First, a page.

It’s impossible for a financial columnist to please all of the readers all of the time. My recent column criticizing the Be Your Own Banker (BYOB) scheme drew the ire of several fans of whole life insurance. Two of them in particular, in a letter to the editor and a guest editorial in the Rapid City Journal, disparaged my integrity, my professional qualifications, and my math skills.
Part of the problem is that these readers interpreted my warning about BYOB, which I called “one step from being a scam,” as an attack on whole life insurance in general. That was not the case.
Admittedly, I’m not a fan of whole life as an investment. The purpose of life insurance, in my view, is not to provide retirement income or cash value, but to replace income when someone dies. For most people, the best and cheapest way to do this is through term life insurance. Obviously, someone who sells insurance will have a different opinion.
The insurance agent who tried to show that my math didn’t add up accused me of misrepresenting a Modified Endowment Contract (MEC). He wrote that no insurance professional using what he called the “banking concept” would ever sell an MEC. He’s right about that.
An MEC is a classification under 1988 federal tax law that is intended to limit the use of life insurance policies as tax-advantaged investments. If the cumulative premium payments exceed certain amounts, the IRS defines a policy as an MEC. This means withdrawals from the cash value are taxed as ordinary income and subject to a penalty.
What the BYOB salespeople promote are “blended whole life” policies. These combine term and whole life in order to keep the policies from qualifying as MEC’s. The calculations presented in my article were actual numbers taken from a blended whole life policy sold by a BYOB promoter, so of course they didn’t add up when viewed through the lens of an MEC.
Is a blended whole life policy ever a worthwhile option? Like any insurance products, there are certain situations where they make perfect sense when they are represented honestly and transparently.
However, anyone considering such a policy needs to know two things. First, insurance agents are compensated by commissions on the products they sell. They have no fiduciary responsibility to act in the best interests of their customers.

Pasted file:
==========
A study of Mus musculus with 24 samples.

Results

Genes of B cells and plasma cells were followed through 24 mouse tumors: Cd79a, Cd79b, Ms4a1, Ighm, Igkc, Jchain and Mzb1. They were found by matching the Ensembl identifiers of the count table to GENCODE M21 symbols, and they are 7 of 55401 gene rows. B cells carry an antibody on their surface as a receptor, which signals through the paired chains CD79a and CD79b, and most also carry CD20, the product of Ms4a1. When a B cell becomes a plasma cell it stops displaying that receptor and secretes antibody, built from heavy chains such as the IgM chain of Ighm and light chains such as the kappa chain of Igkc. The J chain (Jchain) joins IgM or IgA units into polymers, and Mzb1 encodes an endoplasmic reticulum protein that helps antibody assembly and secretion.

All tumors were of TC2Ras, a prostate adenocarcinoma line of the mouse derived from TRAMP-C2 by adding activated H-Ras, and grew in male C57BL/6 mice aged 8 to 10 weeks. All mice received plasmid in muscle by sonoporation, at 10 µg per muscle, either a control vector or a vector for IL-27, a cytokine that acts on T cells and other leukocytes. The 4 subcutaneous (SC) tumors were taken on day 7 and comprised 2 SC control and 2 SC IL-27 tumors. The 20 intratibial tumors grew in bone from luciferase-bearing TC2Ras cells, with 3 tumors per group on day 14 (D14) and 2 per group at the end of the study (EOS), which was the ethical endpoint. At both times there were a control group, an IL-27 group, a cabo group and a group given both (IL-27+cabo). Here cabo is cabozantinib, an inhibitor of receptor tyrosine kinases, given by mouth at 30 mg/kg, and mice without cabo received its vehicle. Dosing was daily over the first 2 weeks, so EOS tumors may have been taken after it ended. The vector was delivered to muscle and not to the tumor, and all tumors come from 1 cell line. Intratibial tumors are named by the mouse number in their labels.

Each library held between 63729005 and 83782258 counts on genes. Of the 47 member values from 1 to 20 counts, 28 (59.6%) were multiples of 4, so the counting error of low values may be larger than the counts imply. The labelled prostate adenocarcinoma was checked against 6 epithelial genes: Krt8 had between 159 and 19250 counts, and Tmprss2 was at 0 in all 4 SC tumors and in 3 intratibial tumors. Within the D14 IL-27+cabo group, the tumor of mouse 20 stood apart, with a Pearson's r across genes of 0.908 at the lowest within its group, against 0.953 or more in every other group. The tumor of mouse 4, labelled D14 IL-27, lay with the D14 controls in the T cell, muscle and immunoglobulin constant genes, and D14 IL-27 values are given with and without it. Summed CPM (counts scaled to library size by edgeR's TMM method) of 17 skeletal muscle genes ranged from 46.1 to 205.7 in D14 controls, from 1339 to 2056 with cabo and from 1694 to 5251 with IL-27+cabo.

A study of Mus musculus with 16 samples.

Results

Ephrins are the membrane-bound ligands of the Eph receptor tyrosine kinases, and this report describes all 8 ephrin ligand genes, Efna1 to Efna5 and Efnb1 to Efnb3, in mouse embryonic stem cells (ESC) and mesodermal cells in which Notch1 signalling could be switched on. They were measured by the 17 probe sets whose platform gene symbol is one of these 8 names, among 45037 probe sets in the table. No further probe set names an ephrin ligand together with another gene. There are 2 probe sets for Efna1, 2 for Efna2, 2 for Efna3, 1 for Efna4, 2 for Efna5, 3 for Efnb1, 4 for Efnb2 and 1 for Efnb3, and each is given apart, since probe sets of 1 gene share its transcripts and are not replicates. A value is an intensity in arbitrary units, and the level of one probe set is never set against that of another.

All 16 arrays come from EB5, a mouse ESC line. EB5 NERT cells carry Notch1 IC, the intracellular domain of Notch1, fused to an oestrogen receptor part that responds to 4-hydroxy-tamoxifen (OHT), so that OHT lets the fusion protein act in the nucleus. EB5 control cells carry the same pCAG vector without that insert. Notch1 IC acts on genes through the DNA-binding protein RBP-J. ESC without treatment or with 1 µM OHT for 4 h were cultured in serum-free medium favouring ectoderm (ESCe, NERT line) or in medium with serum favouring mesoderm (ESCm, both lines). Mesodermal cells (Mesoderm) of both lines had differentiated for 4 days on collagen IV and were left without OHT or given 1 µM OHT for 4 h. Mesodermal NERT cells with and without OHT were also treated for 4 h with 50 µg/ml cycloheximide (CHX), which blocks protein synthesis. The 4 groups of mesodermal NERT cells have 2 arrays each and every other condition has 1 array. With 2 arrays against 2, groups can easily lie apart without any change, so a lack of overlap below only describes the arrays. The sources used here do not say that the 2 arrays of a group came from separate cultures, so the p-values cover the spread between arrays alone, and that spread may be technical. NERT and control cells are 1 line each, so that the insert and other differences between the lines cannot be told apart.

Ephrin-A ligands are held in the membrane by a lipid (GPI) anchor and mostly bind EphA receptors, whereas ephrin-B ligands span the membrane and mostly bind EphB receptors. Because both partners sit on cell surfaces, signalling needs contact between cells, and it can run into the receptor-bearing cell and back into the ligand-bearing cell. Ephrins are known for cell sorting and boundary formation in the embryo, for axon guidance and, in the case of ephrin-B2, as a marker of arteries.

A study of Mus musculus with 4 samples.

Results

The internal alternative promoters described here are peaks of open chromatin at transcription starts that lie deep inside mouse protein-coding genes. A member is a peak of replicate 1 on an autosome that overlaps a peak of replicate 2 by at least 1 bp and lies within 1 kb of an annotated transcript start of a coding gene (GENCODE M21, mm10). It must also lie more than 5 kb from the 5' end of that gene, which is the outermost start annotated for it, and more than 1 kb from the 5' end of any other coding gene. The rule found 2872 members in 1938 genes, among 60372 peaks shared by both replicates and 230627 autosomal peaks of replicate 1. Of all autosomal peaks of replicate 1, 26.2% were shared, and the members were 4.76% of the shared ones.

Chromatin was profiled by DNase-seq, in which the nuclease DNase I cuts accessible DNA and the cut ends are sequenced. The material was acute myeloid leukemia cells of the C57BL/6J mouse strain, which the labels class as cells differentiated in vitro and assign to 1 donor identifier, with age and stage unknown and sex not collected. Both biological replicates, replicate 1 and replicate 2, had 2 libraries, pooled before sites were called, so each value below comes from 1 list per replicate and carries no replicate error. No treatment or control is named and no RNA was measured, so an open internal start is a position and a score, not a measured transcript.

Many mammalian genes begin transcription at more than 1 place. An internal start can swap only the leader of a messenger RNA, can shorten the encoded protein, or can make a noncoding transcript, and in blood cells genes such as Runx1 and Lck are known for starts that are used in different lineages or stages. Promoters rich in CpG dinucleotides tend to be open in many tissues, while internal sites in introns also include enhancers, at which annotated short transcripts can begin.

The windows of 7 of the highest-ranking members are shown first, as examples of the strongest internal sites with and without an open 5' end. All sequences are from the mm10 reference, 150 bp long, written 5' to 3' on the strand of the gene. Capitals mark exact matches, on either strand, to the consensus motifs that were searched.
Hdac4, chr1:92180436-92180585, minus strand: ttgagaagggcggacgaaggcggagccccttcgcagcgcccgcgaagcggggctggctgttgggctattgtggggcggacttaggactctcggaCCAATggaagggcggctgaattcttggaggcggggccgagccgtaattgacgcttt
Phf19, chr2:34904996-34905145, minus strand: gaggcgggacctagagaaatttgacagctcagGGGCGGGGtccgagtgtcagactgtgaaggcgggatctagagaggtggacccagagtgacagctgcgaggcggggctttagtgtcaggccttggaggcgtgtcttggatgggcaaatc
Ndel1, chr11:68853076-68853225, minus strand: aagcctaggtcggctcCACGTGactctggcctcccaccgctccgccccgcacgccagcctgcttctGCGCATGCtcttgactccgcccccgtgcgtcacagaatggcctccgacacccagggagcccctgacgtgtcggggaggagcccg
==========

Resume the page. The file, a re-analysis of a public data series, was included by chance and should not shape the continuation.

Second, whole life insurance pays some of the highest commissions of any financial product on the planet. The typical commission ranges from 50% to 70% of the first year’s premium.
With commissions like this, it’s easy to see how insurance agents might feel challenged by any criticism of whole life insurance. As a fee-only financial planner, if I discover that a particular type of whole life insurance isn’t good for consumers, that’s simply useful information to pass on to my clients. The same discovery for a commissioned insurance agent, however, is a potential threat to that agent’s livelihood.
Even with these tempting commission rates, there are many legitimate life insurance professionals whose intent is to serve customers rather than exploit them. These honest agents do their best to sell products they believe will promote consumers’ financial well-being. Comparing whole life insurance sold by reputable agents to the schemes pushed by BYOB sellers is like comparing apples and rotten apples.
It’s too bad that more insurance professionals are not stepping up to protect their industry from the rotten applies engaged in this type of shady marketing. Numerous honest life insurance salespeople would agree that the BYOB spin is not only harmful to consumers. It is also hurting the life insurance industry as a whole.